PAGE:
The new prayer section will enable men and women to pray together near an archaeological site known as Robinson's Arch
Jerusalem, home to ancient sites including the Western Wall and the Dome of the Rock

The Israeli cabinet on Sunday approved a plan to allocate an area at the Western Wall in Jerusalem for egalitarian Jewish prayer in a "historic" end to a decades-long dispute.

The decision, based on a proposal by Jewish Agency chairman Natan Sharansky, was welcomed by liberal Jewish movements but condemned by ultra-Orthodox leaders whose cabinet representatives voted against it.

The new prayer section will enable men and women to pray together in a space comprising hundreds of square metres around an archaeological site known as Robinson's Arch, which has over the years hosted egalitarian ceremonies.

Before the vote, Prime Minister Benjamin Netanyahu called the arrangement "a compromise" and "a fair and creative solution".

The decision preempted a court discussion on a petition filed by Women of the Wall, activists who had insisted on their right to pray in the traditional women's section despite objections of the ultra-Orthodox rabbi who controls the holy site.

In accepting the compromise, Women of the Wall ceded their original demand, while forcing the state to acknowledge the right of non-Orthodox groups to worship at the site, the holiest place where Jews are legally allowed to pray.

"In approving this plan, the state acknowledges women's full equality and autonomy at the Kotel (Western Wall) and the imperative of freedom of choice in Judaism in Israel," Women of the Wall wrote on their Facebook page.

The debate, which Women of the Wall say has lasted for 27 years, had raised tensions between the government and US Jewry, where the Reform and Conservative movements have significant clout.

"We applaud Israel's historic decision," a joint statement from the Conservative, Reform movements and Jewish Federations in the United States read.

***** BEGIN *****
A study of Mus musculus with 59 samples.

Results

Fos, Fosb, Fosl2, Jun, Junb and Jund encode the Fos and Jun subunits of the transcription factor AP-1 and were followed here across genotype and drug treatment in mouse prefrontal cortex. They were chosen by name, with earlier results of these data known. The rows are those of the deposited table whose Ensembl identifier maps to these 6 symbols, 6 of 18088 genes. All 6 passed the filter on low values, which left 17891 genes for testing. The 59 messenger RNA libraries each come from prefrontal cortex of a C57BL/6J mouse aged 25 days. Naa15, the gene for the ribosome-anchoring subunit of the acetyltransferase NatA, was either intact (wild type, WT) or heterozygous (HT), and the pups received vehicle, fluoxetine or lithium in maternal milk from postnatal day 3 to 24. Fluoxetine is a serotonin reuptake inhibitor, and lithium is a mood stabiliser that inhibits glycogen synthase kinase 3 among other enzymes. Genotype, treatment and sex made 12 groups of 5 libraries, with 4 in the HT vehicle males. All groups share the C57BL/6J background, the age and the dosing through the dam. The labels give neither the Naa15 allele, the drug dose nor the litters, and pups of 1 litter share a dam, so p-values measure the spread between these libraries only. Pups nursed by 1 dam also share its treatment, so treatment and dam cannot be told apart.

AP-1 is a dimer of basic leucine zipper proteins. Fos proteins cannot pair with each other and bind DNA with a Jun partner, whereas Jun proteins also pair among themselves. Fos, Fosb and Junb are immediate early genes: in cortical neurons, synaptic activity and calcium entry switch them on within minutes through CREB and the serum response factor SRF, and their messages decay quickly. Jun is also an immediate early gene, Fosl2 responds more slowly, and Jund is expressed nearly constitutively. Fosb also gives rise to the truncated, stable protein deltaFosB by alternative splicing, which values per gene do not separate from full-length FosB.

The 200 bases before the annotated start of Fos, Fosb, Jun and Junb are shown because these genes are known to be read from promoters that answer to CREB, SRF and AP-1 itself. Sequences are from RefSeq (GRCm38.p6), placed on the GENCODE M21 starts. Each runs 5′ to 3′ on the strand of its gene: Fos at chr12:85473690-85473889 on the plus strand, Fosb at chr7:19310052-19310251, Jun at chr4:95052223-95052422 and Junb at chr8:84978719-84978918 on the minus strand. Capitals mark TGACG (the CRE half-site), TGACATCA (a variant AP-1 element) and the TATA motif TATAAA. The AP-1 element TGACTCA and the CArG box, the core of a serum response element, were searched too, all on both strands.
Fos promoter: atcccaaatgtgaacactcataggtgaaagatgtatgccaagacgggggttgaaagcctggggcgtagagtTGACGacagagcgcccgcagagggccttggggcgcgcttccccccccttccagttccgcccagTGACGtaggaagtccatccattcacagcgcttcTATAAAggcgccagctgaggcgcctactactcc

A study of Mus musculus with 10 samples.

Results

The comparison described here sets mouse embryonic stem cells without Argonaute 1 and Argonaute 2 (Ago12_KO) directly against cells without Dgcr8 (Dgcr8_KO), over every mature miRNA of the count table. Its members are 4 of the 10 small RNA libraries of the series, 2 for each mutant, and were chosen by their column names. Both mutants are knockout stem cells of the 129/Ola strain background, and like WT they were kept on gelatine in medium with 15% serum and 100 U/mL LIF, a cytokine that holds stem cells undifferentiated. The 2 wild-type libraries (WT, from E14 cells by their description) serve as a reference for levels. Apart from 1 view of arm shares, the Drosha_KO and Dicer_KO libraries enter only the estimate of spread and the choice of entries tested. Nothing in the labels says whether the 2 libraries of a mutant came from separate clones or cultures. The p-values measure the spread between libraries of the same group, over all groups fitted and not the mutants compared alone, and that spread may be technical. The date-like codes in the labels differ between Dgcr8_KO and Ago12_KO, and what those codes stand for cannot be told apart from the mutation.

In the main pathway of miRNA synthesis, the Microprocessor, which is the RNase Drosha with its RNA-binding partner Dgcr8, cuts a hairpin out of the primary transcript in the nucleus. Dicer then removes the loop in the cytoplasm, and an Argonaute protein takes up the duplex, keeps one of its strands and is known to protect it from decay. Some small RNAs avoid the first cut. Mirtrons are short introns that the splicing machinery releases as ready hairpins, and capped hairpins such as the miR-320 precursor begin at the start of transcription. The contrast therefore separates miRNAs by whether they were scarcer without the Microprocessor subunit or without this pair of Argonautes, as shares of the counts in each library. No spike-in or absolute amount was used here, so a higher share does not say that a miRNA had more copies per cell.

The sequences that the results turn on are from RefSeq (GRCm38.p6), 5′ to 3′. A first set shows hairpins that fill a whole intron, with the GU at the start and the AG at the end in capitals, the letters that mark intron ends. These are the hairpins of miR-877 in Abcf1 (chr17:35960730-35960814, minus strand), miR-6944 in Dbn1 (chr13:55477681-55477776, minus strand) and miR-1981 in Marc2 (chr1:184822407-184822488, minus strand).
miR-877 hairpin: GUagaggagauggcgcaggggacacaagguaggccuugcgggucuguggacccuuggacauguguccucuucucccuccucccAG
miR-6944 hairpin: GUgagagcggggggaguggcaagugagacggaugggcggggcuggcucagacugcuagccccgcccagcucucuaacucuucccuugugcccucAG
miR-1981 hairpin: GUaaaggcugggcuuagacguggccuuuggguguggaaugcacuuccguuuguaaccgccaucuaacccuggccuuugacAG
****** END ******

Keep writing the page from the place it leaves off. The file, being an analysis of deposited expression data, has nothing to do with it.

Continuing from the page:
"The decision sends a powerful message to Israelis and Jews across the Diaspora about the permanent value of Jewish pluralism and about what we can do when we work together."

The move was slammed by the ultra-Orthodox parties Shas and United Torah Judaism, which opposed it in the vote, as well as by Agriculture Minister Uri Ariel of the far-right Jewish Home, who called it "an affront to our tradition".

Western Wall Rabbi Shmuel Rabinovitz said he received the decision "with a heavy heart" since he disapproved of egalitarian prayer, but also "a sigh of relief" as the Women of the Wall would no longer be praying in the traditional women's section.

The new prayer section is estimated to cost $8.8 mn, funded by the government and Jewish Agency. The cabinet decision does not say how long implementing it will take.

The Western Wall is venerated by Jews as a remnant of a wall supporting the Second Temple complex, which was destroyed by the Romans in 70 AD.

On its other side is the compound housing the Dome of the Rock and Al-Aqsa mosque, Islam's third-holiest site

Israeli authorities do not allow Jews to pray on the compound.